Are you a product designer working in tech? This community is for you.


User Interviews

August 28, 2017 at 2:12pm
Hey guys! I’m a product designer at Managed by Q and am trying to learn what is the best way to approach interviewing users as a designer. Our product team conducts at least 4 - 5 user interviews every week. We are using interviews to test future designs with InVision prototypes, validate new features, and obtain feedback about the product. I'm new to conducting and interviewing users, and I’m curious to know how other product teams approach user interviews. Some of the things I'd love to learn more about include:
  • Does your team conduct user interviews? If so how frequently and for what purpose?
  • What are some of the tools you use to conduct and document user feedback?
  • What are some of the design tools you use to present and test designs?
  • Who leads the interviews and what is your role (as a designer) in the interview?
  • What do you do to prepare for the interviews?
Also wondering what books, talks, or resources out there have been helpful.

August 28, 2017 at 5:10pm
Hopping in to also learn from others’ responses, but here are two tips:
- To prepare, always make sure you have a larger research plan with clear learning objectives, and then make a detailed research protocol for each method/set of sessions you'll do
- if you've never led an interview, sit in on a few before leading your own. always invite another designer on your team to be a note taker, so you can be fully engaged and then recap with them directly after to pull out some insights while it's still fresh!
Hi! Some stray thoughts:
- come with a specific topic in mind but mostly listen to what the customer has to say
- ask "behavioral" questions instead of speculative questions. E.g., when was the last time x happened? vs would you do x in this situation?
Anything written by Erika Hall is a good
Place to start
- In my company, the PM help conducts user interview. Our support team has a close relationship with our merchants (users), so the PM usually gets contacts from them, pick a few merchants, and do a half hour or 1-hour call weekly to get general feedback on our products. Then the PM will write down the key takeaway in a google doc and share with the team.
- We also visit the merchants once a while, we can work at the merchants' business or shadow them.
2. Tools we use:
- User Testing, super useful at recruiting users, recording interview sessions,
- Invision, we share invision prototype through Usering testing with our user.
- Optimalworkshop: very useful for some quick tast and it is free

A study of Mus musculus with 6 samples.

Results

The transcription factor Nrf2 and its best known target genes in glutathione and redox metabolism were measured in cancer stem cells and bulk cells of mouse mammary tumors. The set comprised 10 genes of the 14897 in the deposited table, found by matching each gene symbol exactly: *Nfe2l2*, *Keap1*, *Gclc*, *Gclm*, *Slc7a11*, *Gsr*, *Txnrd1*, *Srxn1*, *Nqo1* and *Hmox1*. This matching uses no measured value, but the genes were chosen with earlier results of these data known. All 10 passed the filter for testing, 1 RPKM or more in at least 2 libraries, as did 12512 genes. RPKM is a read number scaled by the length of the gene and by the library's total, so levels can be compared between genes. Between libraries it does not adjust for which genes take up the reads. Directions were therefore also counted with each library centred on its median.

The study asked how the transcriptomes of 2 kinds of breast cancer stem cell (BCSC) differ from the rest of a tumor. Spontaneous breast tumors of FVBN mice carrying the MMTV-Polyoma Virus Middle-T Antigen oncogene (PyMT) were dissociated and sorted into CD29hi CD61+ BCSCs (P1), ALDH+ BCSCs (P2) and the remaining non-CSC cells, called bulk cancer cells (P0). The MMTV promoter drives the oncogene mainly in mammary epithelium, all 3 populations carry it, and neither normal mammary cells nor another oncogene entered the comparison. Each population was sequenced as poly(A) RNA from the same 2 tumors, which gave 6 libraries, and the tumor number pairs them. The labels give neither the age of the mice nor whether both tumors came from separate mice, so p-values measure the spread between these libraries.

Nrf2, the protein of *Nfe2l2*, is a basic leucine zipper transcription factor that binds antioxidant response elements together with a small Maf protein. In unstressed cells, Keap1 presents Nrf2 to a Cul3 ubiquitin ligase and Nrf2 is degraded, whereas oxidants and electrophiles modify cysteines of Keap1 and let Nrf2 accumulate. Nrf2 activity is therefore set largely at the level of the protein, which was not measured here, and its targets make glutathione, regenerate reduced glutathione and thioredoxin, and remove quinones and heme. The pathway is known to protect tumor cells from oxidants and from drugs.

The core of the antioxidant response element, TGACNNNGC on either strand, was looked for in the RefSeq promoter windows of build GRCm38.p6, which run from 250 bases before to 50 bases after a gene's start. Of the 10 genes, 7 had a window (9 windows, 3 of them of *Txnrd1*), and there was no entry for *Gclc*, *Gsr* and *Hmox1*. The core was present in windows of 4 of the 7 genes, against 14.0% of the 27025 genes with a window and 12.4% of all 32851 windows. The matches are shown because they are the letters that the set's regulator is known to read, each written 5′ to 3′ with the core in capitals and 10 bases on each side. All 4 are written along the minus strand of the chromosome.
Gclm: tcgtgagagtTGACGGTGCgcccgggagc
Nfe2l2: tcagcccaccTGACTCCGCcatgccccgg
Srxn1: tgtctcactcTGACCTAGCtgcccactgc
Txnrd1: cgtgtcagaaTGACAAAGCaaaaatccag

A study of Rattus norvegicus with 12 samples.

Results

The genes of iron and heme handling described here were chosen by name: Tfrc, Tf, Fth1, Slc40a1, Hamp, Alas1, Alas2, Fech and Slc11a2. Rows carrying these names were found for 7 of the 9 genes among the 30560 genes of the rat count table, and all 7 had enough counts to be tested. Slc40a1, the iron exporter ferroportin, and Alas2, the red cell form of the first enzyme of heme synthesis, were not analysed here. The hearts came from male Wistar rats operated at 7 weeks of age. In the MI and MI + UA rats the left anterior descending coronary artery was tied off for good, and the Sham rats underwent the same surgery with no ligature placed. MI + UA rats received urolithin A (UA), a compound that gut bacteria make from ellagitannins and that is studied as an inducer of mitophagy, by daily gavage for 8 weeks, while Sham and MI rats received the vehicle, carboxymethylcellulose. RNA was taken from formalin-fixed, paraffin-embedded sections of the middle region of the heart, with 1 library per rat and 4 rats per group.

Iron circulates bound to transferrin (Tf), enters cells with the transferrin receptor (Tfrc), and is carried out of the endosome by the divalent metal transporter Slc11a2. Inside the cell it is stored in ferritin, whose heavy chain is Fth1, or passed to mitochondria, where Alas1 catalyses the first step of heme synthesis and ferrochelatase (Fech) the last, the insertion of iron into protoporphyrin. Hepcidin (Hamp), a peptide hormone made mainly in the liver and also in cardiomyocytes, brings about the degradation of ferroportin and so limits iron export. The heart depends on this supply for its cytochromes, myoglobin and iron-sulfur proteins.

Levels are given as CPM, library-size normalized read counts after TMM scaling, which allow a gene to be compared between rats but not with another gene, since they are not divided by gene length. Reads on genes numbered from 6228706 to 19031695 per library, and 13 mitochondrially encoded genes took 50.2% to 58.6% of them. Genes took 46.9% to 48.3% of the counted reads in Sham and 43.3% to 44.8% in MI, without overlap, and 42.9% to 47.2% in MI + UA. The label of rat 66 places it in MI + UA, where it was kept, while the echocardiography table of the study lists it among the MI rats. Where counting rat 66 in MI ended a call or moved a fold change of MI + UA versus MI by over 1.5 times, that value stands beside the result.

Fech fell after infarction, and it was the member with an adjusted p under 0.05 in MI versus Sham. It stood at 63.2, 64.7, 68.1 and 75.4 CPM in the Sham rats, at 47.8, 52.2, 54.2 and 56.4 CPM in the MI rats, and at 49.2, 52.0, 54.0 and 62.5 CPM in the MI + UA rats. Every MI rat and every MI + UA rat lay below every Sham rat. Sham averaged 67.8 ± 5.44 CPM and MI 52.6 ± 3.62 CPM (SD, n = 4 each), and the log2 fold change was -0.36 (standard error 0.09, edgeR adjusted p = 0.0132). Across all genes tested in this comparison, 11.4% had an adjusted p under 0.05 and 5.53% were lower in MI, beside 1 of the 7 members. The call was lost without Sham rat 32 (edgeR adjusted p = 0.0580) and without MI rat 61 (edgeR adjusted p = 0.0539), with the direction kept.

The designers either run the interview session themselves or the PM lead the sessions and designer ask questions
To prepare for the interview: - A doc with a list of questions I want to ask: - Start with questions around the user background such as, do you have employees, how many? How often do you go to the bank? - A prototype that users can click through and test a couple of times.
Books:InterviewingUsers, It is our research
Awesome thanks for sharing @matthew, @mitch, and @effy!
Definitely need to work on entering user interviews with clear goal in mind and having a document/script has helped a lot. Have also learned that interviewing users is not something natural for me, so I need to continue practicing—for some reason the fact that it's an interview makes the conversation feel different haha, especially when over the phone as I can't see the person I'm talking with.
I started reading Eriks Halls' 'Just Enough Research', and will take a look at the books you mentioned @effy
I started with just go meet the user. There is a coffee shop in mission, SF, I just go there buy a coffee every week and chat with the owner for 20-30 mins, and I learnt a lot.
I mean, the coffee shop use the product i designed
Depending on the product and the stage you are at you might want/can test your design/prototype/product less or more frequently and in different ways. Usually I've tried to have people looking at some of our design work every 2 weeks (you can't really do more often if you really work on the outcomes of your research, unless you have multiple research teams).
You can find a lot of insight from Tomer Sharon (ex Google and now Head UX at WeWork Since he joined WeWork he spent a lot of time in improving their design/research cycle and shared a lot of what they've done and how. They also built a tool to collect research design outcome pills to share across the company.